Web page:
Wed 25 September 2019

Planning Permission for a Brace of Barns

After successfully helping clients to realise the potential of their assets YoungsRPS bring two traditional Yorkshire Dales barns to the market.

As YoungsRPS, Chartered Surveyors and Property Consultants, bring to the market two unique barn developments in the Yorkshire Dales National Park, Paul McGee Rural Chartered Surveyor, shares his experience on the opportunities for re-purposing an old barn.  However, as Paul explains, landowners should seek advice on what can be a complex process with many pitfalls along the way:

“There are dis-used barns and buildings across the Dales and other rural locations for which planning permission could be obtained for unique developments, with obvious financial benefits to their owners, but the right advice is crucial to assess feasibility and increase chances of success. 

“Securing planning permission to develop a barn in the Yorkshire Dales National Park, is not a simple task. There will be many potential obstacles and issues to overcome, so preparation is key.”

Here Paul provides some advice on the things that need to be taken into account when considering such a project and to maximise chances of planning success.

  • Location - is the location of the barn suitable and sustainable? In the Yorkshire Dales National Park, the barn must usually be in close proximity to a settlement and a road.   A barn well-positioned for these is much more likely to have success than a barn in an isolated location.
  • Access – is there good visibility for cars onto the road? There are strict criteria applied in relation to visibility and sight lines.   
  • Condition - what is the condition of the barn?  Planning permission will usually only be considered if the barn is in a sound condition and is capable of being converted without being substantially rebuilt.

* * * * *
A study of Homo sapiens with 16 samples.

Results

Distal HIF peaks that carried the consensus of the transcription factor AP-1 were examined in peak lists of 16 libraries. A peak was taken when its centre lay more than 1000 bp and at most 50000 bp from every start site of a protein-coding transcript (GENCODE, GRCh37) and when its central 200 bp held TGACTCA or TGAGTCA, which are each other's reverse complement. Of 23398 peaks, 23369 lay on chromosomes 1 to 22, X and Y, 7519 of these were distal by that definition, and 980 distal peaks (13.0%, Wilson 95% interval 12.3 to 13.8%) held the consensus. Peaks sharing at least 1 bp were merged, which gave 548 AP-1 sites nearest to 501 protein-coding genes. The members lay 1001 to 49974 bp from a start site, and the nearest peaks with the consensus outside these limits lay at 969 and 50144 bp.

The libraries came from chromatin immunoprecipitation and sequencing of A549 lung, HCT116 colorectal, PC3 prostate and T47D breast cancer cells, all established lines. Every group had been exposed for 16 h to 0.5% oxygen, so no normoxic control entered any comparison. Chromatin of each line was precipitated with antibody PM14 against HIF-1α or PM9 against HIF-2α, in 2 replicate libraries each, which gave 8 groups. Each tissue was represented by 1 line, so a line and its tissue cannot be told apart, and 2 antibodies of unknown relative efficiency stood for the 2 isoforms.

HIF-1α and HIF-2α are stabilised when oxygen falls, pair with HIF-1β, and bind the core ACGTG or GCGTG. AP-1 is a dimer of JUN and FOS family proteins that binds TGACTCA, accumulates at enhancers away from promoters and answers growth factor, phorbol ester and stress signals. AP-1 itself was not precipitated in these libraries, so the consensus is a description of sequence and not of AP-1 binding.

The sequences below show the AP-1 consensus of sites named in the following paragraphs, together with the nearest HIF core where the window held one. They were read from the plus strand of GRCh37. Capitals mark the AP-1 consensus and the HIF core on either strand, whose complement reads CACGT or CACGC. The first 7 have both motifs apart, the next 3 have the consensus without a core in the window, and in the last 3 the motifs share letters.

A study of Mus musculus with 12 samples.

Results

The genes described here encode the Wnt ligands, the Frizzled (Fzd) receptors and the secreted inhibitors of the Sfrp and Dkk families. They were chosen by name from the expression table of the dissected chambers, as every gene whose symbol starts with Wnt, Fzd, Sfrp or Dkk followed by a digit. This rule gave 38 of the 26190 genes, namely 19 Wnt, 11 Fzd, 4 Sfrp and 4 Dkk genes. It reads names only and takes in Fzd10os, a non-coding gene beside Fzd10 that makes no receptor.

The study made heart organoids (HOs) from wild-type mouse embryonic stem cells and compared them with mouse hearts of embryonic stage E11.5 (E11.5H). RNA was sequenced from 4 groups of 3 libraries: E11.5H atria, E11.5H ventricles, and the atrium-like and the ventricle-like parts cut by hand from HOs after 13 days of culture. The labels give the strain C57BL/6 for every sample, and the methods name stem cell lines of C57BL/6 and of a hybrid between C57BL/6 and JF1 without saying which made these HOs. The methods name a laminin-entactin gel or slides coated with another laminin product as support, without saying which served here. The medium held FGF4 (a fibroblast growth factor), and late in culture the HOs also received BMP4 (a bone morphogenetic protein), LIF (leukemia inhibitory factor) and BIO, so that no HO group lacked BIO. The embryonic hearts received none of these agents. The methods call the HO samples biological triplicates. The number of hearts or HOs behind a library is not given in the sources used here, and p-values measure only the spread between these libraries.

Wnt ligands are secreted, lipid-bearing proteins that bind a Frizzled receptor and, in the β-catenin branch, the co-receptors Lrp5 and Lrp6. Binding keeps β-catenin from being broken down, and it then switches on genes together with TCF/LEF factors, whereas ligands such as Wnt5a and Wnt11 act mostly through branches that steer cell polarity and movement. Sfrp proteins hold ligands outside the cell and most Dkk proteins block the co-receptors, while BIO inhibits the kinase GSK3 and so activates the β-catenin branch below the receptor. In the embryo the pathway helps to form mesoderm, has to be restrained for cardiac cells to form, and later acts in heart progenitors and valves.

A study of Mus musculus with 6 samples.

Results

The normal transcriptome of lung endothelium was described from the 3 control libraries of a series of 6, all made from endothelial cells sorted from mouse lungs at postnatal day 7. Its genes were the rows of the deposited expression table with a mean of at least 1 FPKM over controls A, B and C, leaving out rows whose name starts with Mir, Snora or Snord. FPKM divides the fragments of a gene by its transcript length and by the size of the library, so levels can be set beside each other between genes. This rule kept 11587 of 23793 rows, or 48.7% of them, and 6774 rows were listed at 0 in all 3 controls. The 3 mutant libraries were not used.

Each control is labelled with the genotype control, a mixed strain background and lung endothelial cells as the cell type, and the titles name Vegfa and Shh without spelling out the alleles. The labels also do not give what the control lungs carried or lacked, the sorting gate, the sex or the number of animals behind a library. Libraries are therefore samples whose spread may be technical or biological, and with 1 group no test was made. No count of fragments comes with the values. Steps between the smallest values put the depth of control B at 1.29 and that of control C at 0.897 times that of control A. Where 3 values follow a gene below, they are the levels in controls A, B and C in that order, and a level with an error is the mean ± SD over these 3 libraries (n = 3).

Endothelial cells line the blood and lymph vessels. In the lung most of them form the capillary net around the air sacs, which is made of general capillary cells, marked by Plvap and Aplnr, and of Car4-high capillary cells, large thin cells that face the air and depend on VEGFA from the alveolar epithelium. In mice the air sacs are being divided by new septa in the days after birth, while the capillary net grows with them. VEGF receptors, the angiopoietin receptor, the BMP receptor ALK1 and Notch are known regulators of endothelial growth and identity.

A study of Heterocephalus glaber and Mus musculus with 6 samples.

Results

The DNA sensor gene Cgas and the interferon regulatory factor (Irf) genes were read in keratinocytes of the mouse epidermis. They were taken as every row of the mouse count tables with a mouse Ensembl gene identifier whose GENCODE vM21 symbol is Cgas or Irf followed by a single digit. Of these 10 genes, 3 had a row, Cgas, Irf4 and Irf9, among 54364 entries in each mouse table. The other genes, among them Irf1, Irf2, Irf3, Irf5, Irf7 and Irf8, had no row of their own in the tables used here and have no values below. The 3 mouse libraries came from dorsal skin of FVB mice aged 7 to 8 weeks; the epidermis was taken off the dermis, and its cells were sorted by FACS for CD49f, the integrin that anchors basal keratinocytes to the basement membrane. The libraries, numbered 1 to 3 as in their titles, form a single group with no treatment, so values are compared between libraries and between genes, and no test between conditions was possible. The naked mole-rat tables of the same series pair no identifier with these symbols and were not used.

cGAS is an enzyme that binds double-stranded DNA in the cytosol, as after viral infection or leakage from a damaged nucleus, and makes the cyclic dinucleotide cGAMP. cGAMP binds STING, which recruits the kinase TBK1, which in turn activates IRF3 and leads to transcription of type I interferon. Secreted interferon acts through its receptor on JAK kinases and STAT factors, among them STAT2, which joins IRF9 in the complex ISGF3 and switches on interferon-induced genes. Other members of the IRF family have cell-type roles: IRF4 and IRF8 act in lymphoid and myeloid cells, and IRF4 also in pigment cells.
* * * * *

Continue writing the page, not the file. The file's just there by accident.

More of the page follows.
• Bats and Owls – are there bats and owls living in the barn? A survey to identify their presence will need to be completed as part of the application and if bats or owls are found, appropriate measures will need to be taken to protect them.
  • Flooding - is the barn in a flood zone? An application can be more arduous if a barn is in a flood zone area and a flood risk assessment will need to be conducted.
  • Design - what design do you have in mind? This of course is very important, and conversions need to be totally sympathetic to the surroundings and the building itself.  It is especially worth noting that new openings and extensions are generally not looked on favourably.

Paul adds: “Once you have taken all of these considerations into account this will make the process simpler and the chances of success will be greater.”

YoungRPS offer an end-to-end service for the development of rural properties including assessing buildings for its suitability for change of use, designing the proposed development to replace what exists, supporting the client through the complex planning process and once approved, marketing the approved property. 

YoungsRPS are currently selling two barns in the Yorkshire Dales National Park ready for conversion. These barns are on estates managed by Paul, who identified the potential opportunity to “add value” through obtaining planning consent and who has carefully seen the process through from start to finish.

The two traditional barns each have planning permission for conversion to three-bedroom local occupancy dwellings or holiday lets. Manor Farm Barn (once part of Manor Farm, located in the prestigious hamlet of Thorlby close to Skipton,) is the larger of the two at almost 200 square metres GIA and is being offered at a guide price of £190,000.  Tom’s Barn at Appersett near Hawes, named after a local man Tom Dinsdale, sits in a 1,200 square metres plot and is being offered at a guide price of £100,000.